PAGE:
What’s Your Favorite Suburban Metro Station?

Photo courtesy of
‘Bethesda at night’
courtesy of ‘InspirationDC’

BeyondDC has a great post up today about the best suburban transit-oriented development (TOD) in the area.  The Washington region has some of the best examples of TOD, and places like Arlington and Bethesda have become national examples of how to create walkable, mixed-use districts in the suburbs.  BeyondDC thinks that Bethesda deserves the number one spot, with its great mix of uses and walkability.  King Street takes the number two spot, and Clarendon is third.

I’d argue that Clarendon deserves the title of the best TOD in the region– not only does it have a great variety of restaurants, offices, retail, and housing, but since it’s in the middle of the Rosslyn-Ballston Metro corridor the whole area is transit-oriented.  From Clarendon, you could easily continue walking to Courthouse or Virginia Square, but you can’t walk to any other Metro station from Bethesda, which makes it seem more isolated and car-dependent than Arlington.

What do you think?  What’s your favorite suburban Metro stop?  Leave your thoughts in the comments.

Shannon grew up in the greater DC area/Maryland suburbs, went to Virginia for college and grad school (go Hoos!), and settled in DC in 2006. She’s an urban planner who loves transit (why yes, that is her dressed as a Metro pylon for Halloween), cities, and all things DC. Email her at Shannon (at) WeLoveDC.com!

13 thoughts on “What’s Your Favorite Suburban Metro Station?

  1. Van Dorn St., obviously. It drops you off in an industrial wasteland right along 495. About the only things within walking distance are some town houses and a UPS depot. Just grand.

  2. Cheverly station. Most unique looking station in the system. Also, short walk to home, at least for me. Oh, and it’s in MD.

    Also, it’s Cheverly! :OP

  3. @normantown That’s Eisenhower Ave. Van Dorn really is a wasteland.

    I’ve always had a soft spot for Van Dorn as that was my usual station my first year or two in DC.

  4. There’s actually a large amount of housing within a mile of Van Dorn. The trouble is that nearly all of it is in Landmark, which is just not conducive to walking anywhere at all despite its high densities.

  5. “but you can’t walk to any other Metro station from Bethesda”

    Actually, Medical Center is only about a mile away: pretty walkable. Of course, the nature of the MedCtr stop rules out any kind of TOD, unless you count the Bethesda naval hospital expansion.

    I’d also question just how important having other Metro stations in walking distance is to TOD. As long as you have a good mix of office, retail, and residential near the Metro stop, the stop itself limits any sense of isolation.

  6. I think Clarendon is right on the money. I’m a huge mass transit person and being able to walk from station to station rules. Wish we have more stations like that. may ever 2-3 blocks.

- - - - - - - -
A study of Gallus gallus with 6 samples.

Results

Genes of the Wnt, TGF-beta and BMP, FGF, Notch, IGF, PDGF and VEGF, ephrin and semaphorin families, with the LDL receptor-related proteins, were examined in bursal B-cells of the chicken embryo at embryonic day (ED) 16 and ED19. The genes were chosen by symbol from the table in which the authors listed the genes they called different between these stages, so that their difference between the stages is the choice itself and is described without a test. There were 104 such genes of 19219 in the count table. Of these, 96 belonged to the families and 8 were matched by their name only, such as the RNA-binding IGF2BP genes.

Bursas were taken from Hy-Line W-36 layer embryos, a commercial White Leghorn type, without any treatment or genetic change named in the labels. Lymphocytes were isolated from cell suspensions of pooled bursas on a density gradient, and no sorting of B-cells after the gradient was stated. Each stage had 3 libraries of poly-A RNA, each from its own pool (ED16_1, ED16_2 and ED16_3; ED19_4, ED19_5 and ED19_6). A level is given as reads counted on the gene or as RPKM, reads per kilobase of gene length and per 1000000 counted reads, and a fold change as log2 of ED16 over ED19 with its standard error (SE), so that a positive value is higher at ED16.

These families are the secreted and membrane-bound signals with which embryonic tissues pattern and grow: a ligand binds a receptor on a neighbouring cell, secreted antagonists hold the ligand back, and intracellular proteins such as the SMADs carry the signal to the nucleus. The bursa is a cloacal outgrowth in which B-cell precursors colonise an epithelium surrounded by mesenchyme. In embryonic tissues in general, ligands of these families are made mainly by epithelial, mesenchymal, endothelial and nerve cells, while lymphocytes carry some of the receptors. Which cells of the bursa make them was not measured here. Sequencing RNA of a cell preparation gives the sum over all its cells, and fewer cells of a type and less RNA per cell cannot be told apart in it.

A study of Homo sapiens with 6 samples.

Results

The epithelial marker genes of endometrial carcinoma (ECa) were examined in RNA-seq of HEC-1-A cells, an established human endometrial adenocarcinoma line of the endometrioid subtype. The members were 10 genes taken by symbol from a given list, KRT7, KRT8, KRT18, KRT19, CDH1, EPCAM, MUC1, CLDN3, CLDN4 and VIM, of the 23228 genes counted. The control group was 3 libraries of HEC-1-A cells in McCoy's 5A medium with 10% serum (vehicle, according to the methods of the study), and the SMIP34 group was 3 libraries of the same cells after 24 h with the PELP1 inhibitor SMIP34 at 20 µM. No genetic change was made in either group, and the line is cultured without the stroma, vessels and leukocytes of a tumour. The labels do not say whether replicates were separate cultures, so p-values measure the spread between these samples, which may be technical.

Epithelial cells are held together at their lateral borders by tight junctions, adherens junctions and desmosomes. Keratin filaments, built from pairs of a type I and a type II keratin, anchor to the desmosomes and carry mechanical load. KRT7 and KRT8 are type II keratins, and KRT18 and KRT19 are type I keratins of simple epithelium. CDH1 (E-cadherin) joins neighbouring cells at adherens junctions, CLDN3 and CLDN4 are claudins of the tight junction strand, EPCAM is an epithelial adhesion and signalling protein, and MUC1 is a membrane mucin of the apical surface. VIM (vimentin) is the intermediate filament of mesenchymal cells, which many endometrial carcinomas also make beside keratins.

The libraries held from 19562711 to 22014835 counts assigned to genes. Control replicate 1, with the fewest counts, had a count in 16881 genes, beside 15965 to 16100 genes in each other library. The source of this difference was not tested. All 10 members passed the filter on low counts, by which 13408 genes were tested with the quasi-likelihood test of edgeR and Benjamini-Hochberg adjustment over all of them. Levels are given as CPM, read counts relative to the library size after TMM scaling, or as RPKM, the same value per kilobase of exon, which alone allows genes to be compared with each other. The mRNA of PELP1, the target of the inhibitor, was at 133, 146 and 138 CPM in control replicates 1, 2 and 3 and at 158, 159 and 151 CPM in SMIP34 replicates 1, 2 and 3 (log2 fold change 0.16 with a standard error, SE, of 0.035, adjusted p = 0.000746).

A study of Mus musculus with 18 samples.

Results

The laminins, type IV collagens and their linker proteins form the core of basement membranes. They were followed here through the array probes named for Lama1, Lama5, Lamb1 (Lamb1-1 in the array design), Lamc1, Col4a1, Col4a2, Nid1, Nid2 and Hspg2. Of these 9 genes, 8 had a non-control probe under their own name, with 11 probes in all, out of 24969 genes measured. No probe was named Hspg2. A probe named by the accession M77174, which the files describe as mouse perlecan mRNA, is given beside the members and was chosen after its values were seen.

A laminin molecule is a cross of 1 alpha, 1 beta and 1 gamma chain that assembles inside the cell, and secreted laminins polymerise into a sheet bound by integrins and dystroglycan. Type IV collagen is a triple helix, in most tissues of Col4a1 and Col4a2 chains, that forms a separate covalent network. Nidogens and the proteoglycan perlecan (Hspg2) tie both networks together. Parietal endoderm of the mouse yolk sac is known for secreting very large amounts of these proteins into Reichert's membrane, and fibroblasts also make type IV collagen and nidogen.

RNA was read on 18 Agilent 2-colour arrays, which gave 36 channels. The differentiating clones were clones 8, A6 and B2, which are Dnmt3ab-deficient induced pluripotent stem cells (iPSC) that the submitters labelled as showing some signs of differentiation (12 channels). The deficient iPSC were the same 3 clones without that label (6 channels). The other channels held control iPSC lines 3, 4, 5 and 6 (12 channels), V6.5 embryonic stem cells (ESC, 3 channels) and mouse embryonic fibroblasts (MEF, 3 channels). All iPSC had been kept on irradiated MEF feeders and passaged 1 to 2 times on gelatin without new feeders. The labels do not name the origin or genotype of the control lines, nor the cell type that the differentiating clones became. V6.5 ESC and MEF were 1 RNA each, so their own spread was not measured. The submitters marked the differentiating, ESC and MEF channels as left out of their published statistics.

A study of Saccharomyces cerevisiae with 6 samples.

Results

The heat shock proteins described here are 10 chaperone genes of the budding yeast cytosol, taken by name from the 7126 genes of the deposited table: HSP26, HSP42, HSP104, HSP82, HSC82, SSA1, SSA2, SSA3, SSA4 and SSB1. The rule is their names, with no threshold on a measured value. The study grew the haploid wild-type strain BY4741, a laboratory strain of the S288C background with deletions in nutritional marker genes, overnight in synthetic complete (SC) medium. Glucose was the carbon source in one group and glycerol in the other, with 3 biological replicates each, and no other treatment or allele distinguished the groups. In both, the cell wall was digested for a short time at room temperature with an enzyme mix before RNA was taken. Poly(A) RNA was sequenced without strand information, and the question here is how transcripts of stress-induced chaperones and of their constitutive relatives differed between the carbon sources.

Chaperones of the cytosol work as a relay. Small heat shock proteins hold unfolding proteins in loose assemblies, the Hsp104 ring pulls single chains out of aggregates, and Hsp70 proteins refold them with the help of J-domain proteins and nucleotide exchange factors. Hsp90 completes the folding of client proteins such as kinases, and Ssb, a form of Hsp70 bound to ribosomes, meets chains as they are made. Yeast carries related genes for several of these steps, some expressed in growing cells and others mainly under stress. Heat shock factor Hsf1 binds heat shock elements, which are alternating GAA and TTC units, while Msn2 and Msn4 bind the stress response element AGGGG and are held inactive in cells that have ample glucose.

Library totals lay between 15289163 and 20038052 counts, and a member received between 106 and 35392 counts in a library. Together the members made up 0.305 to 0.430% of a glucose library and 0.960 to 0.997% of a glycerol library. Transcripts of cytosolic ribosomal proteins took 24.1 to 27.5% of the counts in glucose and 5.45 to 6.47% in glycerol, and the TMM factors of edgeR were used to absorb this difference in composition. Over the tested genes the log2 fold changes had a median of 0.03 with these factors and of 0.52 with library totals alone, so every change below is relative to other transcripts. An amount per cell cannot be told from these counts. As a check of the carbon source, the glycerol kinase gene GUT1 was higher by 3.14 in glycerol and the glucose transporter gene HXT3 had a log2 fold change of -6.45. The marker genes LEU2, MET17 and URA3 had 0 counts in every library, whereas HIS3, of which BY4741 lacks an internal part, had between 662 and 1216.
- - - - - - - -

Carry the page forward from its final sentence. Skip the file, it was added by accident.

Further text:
7. @Jeff I think it’s just an issue of perception. Even half of the Medical Center to Bethesda walk would seem so much further to a pedestrian than the Clarendon to Virginia Square 1/2 mile walk. I’d agree that having other nearby stations isn’t required for good TOD, but I think that the Rosslyn-Ballston corridor makes that whole part of Arlington seem pedestrian-friendly, while Bethesda still seems to me like a walkable oasis in a county still struggling with sprawl.

  8. What’s the advantage of a place being walkable to multiple stations on the same line? I can see how having multiple lines come through an area is good, but I’m just not seeing the multiple stations on the same line being much of a positive.

  9. @Edward: It’s marginally convenient if you’re coming to or from different parts of the region. Living between Clarendon and Courthouse can make an incremental difference in either direction if you’re traveling to Tysons (you’d get on at Clarendon) or Foggy Bottom (you’d get on at Courthouse).

    It’s also more convenient if the topography is sloped. Living between U Street and Columbia Heights or between Cleveland Park and Woodley Park can make a big difference if it’s a downhill walk in both directions.

  10. Actually in my first draft I mentioned Clarendon’s connectivity as central node in the Orange line corridor. I took it out because I wanted to keep each point short.

    More critical mass is always good for urbanism. The more other urban neighborhoods are nearby, the more stuff there is to go to that doesn’t require a car. Being walkable to Ballston and Rosslyn is definitely a plus for Clarendon.

    But like I said in the post, size (ie critical mass) wasn’t the only factor. If that were all I was looking at, Silver Spring and Crystal City would rank much higher. Clarendon beats Bethesda on critical mass due to connections with other neighborhoods, but Bethesda beats Clarendon in most other categories.

  11. I wouldn’t call Clarendon to Rosslyn suburban. I think Pentagon City is more “suburban” (but very walkable neighborhood that I loved living in) than that corridor. Interesting list though. As for Van Dorn Street station, that part of the Blue Line (Pretty much all of it south of National Airport) was built along existing railroad right-of-way, so the development options were limited.